It is 10:51 p.m. and I have powered off my iPhone, for a period of 24 hours, by my own choice.
This might seem odd, considering we live in a world where almost everyone uses a smartphone, and according to Catalyst, in 2015, 55 per cent of Canadians owned a smartphone, with an expected yearly increase of 24 per cent.
So why would I do this?
One of my pet peeves is people who seem to be attached to their smartphones. I can’t stand it when a room is silent because everyone is scrolling or texting instead of interacting with the people in front of them or when people spend more time taking pictures or videos documenting what they are doing instead of actually living it.
While I don’t believe I am as attached to my smartphone as others, I wanted to put myself to the test.
And I’m not alone.
Ireb Lomna, a brand management graduate from Algonquin College says he didn’t get a smartphone until his third year of college.
“I had to get one not because I wanted it but more for the fact that everyone around me – whether they were my parents or friends – insisted that I should get one,” he says.
Lomna says he was trying to stay away from smartphones for so long because he has seen the addiction people have to them.
“It seemed like phones were an integral part of life for everyone else and they were getting attached to it,” Lomna says. “Like breathing and eating, they couldn’t live without texting or opening social media.”
Jennifer Lynn follows a similar lifestyle. The first year social services student at Algonquin has a flip cell phone that she only uses for emergencies and a tablet for social media and messaging friends.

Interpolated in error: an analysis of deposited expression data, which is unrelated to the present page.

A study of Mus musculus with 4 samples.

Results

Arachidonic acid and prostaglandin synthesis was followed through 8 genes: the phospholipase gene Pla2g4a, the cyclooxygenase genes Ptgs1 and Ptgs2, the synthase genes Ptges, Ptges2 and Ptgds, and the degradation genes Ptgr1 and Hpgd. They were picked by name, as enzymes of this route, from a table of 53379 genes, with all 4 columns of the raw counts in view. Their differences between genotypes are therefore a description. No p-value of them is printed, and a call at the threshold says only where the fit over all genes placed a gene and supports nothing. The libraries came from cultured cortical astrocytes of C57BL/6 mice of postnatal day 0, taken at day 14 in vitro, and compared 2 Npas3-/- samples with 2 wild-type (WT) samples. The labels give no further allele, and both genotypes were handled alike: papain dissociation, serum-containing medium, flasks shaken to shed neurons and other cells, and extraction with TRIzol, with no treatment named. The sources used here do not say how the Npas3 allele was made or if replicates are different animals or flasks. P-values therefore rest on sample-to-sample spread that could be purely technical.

“I use my wifi device for social media and for messaging my boyfriend over Kik,” says Lynn. “Since I use it for only those things, I have no use for my cellphone. I also see it as social media does not benefit me when I am out running around. That is the stuff that can wait until I am in my home or at the school where the wifi can be used.”
I began to understand why they choose the lifestyle they do.
When I set my alarm clock to go off at 6 a.m. the next day, I instinctively went to grab my phone.Usually, after my alarm goes off, I scroll through my phone as a way to wake up before I get out of bed. Remembering that I couldn’t do this, I got out of bed immediately.
Before I leave for work, I go to Starbucks and to make sure I’m not late, I order a drink through the app on my phone. When I get to Starbucks, the drink is already waiting for me.
Since I couldn’t use this luxury, I left my house earlier than usual to get a latte the old-fashioned way. Luckily the lineup and the wait wasn’t long, but since I didn’t have my phone to check the time, I speed walked over to my work hoping I wasn’t late.
It was during my break that I realized how useful my phone is. Without the use of my phone to entertain me, I spent 15 minutes with nothing to do. And since there is no clock in the room, and I didn’t have my phone to check the time, I had to wait to be paged to head back to work.
Later on during the day, I saw friends who constantly had their phones in hand, checking it for meaningless information instead of enjoying each others company and viewing their surroundings. That’s something that Lynn can relate to.
“I do notice that being someone that has no use for devices when I am out shopping or out for dinner that people are always on their phones,” says Lynn. “So I will say that I do feel some pressure especially when I am in a social situation and everyone is busy looking at their screens. I have nothing to look at, so I start a conversation with someone.”
Both Lomna and Lynn agree that they could easily go 24 hours without their phones, saying that life is more enjoyable without it.
And as the 24 hours were up and I turned on my phone to an explosion of text messages, social media notifications and e-mails, I realized that as much as it’s fun to use a smartphone, I wasn’t missing out on anything.
“This world is so beautiful, and the people that always are glued to their screen don’t seem to take the time to stop and smell the roses, “says Lynn.
“When you look at a birthday party when an individual is about to blow out the candles, how many people need to film it? Same thing with being at a concert, this is a famous person you may only get to see once in your life, put the phone away and listen to their music and enjoy your time with your friends.”